ACLU Lawsuit Seeks Data on TSA’s Creepy “Behavior Detection” Program

Does reading people’s microexpressions stop terrorists, or just encourage pseudoscientific profiling?

Faces:<a href="">Double M</a>/Flickr; Laser: <a href="">Chris Koss</a>/Flickr

Airport security basically sucks: Being herded through a Tensabarrier maze alongside a bunch of strangers is vexing enough. Then throw in the bag searches, the bomb-swabs, the mandatory doffing and donning of footwear and accessories, the “complimentary” pat down—it’s hardly surprising that some people will come through the experience looking less than cheerful.

Nowadays, though, your very reasonable travel emotions (anxiety, stress, fear, despondency) can earn you even more face time with the Transportation Security Administration. Since 2003 TSA has toyed with the idea of placing “behavior detection officers” in airports across America—part of a $1 billion counter-terrorism measure known as SPOT (Screening Passengers by Observation Techniques), which officially launched in 2007.

“Our request and the lawsuit is to determine if TSA can adequately defend SPOT.”

The behavior detection officer’s job is to scan travelers’ faces for micro-expressions—facial movements that come and go in the blink of an eye and are said to convey a person’s true emotions. When one of these airport mentalists spots a potentially shifty character, he can take it to the next level by striking up a casual conversation—the idea being that brief encounters may suggest whether a person poses a threat.

Signs of “anti-social” behavior (see emotions above) may result in a traveler being flagged for additional security measures. Between 2004 and 2008, as my former colleague Ben Buchwalter has reported, 152,000 people were flagged but fewer than 1,110 were arrested. Most of the arrestees “were undocumented aliens, had outstanding warrants, or were carrying fake documents or drugs.”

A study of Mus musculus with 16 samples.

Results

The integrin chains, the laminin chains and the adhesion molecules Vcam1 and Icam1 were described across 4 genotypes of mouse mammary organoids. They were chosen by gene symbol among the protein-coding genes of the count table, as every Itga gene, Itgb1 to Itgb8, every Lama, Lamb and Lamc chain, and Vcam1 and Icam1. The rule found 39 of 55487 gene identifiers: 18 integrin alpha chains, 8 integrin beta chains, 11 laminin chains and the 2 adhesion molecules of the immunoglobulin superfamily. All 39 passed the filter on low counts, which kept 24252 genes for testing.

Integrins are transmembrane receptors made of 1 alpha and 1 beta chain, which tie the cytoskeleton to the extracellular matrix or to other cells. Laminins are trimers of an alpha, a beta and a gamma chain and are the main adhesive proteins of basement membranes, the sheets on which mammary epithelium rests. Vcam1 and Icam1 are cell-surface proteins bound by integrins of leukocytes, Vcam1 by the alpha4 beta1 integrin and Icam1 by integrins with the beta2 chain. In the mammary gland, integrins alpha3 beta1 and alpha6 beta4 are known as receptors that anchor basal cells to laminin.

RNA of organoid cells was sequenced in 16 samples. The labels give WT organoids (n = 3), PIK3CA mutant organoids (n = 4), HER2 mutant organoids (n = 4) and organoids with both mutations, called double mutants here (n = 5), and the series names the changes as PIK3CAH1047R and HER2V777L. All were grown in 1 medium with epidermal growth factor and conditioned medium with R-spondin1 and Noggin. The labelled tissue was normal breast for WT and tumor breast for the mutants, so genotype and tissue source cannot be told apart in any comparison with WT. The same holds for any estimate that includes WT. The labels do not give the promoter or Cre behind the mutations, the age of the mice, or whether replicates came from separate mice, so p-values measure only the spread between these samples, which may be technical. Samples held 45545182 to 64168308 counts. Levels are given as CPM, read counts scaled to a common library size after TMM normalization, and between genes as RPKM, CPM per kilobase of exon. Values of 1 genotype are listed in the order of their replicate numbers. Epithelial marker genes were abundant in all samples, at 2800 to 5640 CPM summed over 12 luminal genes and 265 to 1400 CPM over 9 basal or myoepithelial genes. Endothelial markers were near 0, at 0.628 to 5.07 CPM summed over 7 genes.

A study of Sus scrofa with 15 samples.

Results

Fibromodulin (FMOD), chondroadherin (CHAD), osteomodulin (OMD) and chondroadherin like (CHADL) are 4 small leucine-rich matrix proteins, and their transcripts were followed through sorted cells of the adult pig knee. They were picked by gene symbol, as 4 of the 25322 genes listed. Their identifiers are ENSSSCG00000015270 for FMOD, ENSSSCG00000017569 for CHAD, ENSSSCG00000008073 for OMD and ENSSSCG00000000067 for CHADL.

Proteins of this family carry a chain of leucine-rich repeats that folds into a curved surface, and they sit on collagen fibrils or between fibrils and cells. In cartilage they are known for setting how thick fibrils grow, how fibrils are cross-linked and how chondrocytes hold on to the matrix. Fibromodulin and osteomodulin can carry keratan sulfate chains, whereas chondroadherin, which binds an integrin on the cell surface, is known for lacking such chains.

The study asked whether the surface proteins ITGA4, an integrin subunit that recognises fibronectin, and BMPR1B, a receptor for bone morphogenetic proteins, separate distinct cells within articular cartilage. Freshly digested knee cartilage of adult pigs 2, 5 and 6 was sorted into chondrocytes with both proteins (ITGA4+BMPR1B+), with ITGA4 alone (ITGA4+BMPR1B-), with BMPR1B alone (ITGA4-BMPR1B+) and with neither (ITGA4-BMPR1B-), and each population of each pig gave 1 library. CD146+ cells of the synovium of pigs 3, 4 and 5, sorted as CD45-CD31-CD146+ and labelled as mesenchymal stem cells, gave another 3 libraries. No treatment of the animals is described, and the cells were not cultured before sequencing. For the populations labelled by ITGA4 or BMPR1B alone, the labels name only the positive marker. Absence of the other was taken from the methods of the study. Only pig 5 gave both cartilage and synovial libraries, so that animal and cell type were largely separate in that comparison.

Meanwhile, the SPOT program, which relies heavily on officers’ subjective observations, has been compared to the “stop-and-frisk” police tactics that have resulted—at least in New York City—in a disproportionate number of stops of blacks and Latinos. In an anonymous complaint obtained by the New York Times, one Boston TSA officer wrote that “the behavior detection program is no longer a behavior-based program, but it is a racial profiling program.” The Times interviewed other TSA officers who corroborated the claim.

Despite the program’s obvious potential for profiling, the TSA does not track the race or ethnicity of those pulled aside. This lack of data—and the TSA’s lack of transparency—are the focus a lawsuit filed by the ACLU last week after the agency failed to respond to the group’s Freedom of Information Act request. The ACLU is demanding that the TSA turn over any documents related to SPOT’s effectiveness, its impact on minorities, and its scientific underpinnings.

“Congress should consider the absence of scientifically validated evidence for using behavioral indicators to identify threats to aviation security.”

The ACLU thinks SPOT should probably be scrapped, lead attorney Hugh Handeyside says. But for the moment, it simply wants data that will let people understand and assess the program. “We’re certainly open to examining many things that TSA can produce to justify the program scientifically and try to convince us that there isn’t undue risk of continuing unlawful profiling,” Handeyside told me. “Our request and the lawsuit is to determine if TSA can adequately defend SPOT.”

The ACLU isn’t alone in its concerns. In November 2013, the Governmental Accountability Office issued a report recommending that federal spending for SPOT be slashed. “Congress should consider the absence of scientifically validated evidence for using behavioral indicators to identify threats to aviation security,” the report reads.

Even the program’s lead designer has unsatisfying answers on what SPOT can accomplish. “I can’t tell you what triggers an emotion,” Paul Ekman, the “co-discoverer” of micro-expressions, told Buchwalter in 2011. “I can only tell you to recognize an emotion even when someone doesn’t want you to recognize it.”

Concealing our true emotions, when you stop and think about it, is something most of us do every day. Whether questioning us about it translates into an effective national security program is another story.